In this image released by Astrobotic Technology, an image from a mounted camera shows a disturbed section of insulation on the Peregrine lander on Monday, while on its way to land on the moon.
Astrobotic Technology via AP
In this image released by Astrobotic Technology, an image from a mounted camera shows a disturbed section of insulation on the Peregrine lander on Monday, while on its way to land on the moon.

CAPE CANAVERAL, Fla. — The first U.S. lunar lander in more than 50 years rocketed toward the moon Monday, launching private companies on a space race to make deliveries for NASA and other customers.

Astrobotic Technology's lander caught a ride on a brand new rocket, United Launch Alliance's Vulcan. The Vulcan streaked through the Florida predawn sky, putting the spacecraft on a roundabout route to the moon that should culminate with an attempted landing on Feb. 23.

"So, so, so excited. We are on our way to the moon!" Astrobotic chief executive John Thornton said.

The Pittsburgh company aims to be the first private business to successfully land on the moon, something only four countries have accomplished. But a Houston company also has a lander ready to fly, and could beat it to the lunar surface, taking a more direct path.

"First to launch. First to land is TBD," to be determined, Thornton noted.

NASA gave the two companies millions to build and fly their own lunar landers. The space agency wants the privately owned landers to scope out the place before astronauts arrive while delivering NASA tech and science experiments as well as odds and ends for other customers. Astrobotic's contract for the Peregrine lander: $108 million.

The last time the U.S. launched a moon-landing mission was in December 1972. Apollo 17's Gene Cernan and Harrison Schmitt became the 11th and 12th men to walk on the moon, closing out an era that has remained NASA's pinnacle.

The space agency's new Artemis program — named after the twin sister of Apollo in Greek mythology — looks to return astronauts to the moon's surface within the next few years. First will be a lunar fly-around with four astronauts, possibly before the end of the year.

Highlighting Monday's moonshot was the long-delayed initial test flight of the Vulcan rocket from Cape Canaveral Space Force Station. The 202-foot (61-meter) rocket is essentially an upgraded version of ULA's hugely successful workhorse Atlas V, which is being phased out along with the company's Delta IV. Jeff Bezos' rocket company, Blue Origin, provided the Vulcan's two main engines.

The Soviet Union and the U.S. racked up a string of successful moon landings in the 1960s and 70s, before putting touchdowns on pause. China joined the elite club in 2013 and India in 2023. But last year also saw landers fromRussia and a private Japanese company slam into the moon. An Israeli nonprofit crashed in 2019.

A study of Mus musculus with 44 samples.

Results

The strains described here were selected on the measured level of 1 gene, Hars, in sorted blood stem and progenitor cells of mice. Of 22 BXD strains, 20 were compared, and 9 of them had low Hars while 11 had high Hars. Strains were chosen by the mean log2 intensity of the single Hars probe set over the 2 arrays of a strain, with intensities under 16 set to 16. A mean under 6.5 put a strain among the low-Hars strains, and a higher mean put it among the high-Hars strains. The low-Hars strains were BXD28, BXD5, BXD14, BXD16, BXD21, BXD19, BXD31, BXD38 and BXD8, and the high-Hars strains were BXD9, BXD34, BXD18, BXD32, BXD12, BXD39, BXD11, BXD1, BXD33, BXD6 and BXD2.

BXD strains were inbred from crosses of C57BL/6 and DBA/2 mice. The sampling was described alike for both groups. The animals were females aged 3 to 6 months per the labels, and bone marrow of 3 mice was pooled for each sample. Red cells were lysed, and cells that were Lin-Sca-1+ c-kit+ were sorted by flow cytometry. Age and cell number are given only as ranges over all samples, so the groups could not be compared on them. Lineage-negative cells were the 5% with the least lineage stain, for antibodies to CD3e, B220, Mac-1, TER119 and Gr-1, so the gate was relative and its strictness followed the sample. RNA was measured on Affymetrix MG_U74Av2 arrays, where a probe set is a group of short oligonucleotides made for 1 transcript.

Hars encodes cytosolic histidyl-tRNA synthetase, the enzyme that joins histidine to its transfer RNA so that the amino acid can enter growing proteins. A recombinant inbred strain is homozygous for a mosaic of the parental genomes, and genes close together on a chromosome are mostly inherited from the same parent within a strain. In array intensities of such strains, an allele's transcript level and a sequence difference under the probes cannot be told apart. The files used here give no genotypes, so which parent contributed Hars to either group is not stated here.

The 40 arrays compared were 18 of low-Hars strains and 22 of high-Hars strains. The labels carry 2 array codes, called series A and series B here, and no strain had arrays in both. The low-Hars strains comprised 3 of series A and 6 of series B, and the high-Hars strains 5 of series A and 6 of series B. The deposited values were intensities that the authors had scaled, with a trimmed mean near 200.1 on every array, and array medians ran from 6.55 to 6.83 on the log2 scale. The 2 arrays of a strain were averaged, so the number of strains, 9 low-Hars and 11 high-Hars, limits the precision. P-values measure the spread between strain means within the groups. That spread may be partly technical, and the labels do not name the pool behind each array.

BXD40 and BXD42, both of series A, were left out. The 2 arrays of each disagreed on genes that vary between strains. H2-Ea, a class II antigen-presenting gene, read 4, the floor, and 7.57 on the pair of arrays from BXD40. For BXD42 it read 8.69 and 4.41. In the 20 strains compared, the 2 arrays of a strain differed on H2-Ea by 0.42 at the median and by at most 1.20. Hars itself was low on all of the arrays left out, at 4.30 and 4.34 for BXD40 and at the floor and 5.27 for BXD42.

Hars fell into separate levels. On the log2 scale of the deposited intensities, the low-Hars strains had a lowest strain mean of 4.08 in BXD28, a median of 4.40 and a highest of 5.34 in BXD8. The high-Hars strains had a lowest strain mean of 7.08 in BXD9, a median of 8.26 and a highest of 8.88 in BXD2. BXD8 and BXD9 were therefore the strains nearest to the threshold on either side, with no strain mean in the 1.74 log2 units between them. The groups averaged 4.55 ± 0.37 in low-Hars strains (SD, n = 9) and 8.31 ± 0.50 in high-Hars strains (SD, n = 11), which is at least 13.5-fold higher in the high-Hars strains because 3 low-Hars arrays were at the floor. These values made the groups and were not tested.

Next month, SpaceX will provide the lift for a lander from Intuitive Machines. The Nova-C lander's more direct one-week route could see both spacecraft attempting to land within days or even hours of one another.

The hourlong descent to the lunar surface — by far the biggest challenge — will be "exciting, nail-biting, terrifying all at once," said Thornton.

Besides flying experiments for NASA, Astrobotic drummed up its own freight business, packing the 6-foot-tall (1.9-meter-tall) Peregrine lander with everything from a chip of rock from Mount Everest and toy-size cars from Mexico that will catapult to the lunar surface and cruise around, to the ashes and DNA of deceased space enthusiasts, including "Star Trek" creator Gene Roddenberry and science fiction writer Arthur C. Clarke.

The Navajo Nation recently sought to have the launch delayed because of the human remains. saying it would be a "profound desecration" of a celestial body revered by Native Americans. Thornton said the December objections came too late but promised to try to find "a good path forward" with the Navajo for future missions.

One of the spaceflight memorial companies that bought room on the lander, Celestis, said in a statement that no single culture or religion owns the moon and should not be able to veto a mission. More remains are on the rocket's upper stage, which, once free of the lander, will indefinitely circle the sun as far out as Mars.

Cargo fares for Peregrine ranged from a few hundred dollars to $1.2 million per kilogram (2.2 pounds), not nearly enough for Astrobotic to break even. But for this first flight, that's not the point, according to Thornton.

"A lot of people's dreams and hopes are riding on this," he said.
Copyright 2024 NPR. To see more, visit https://www.npr.org.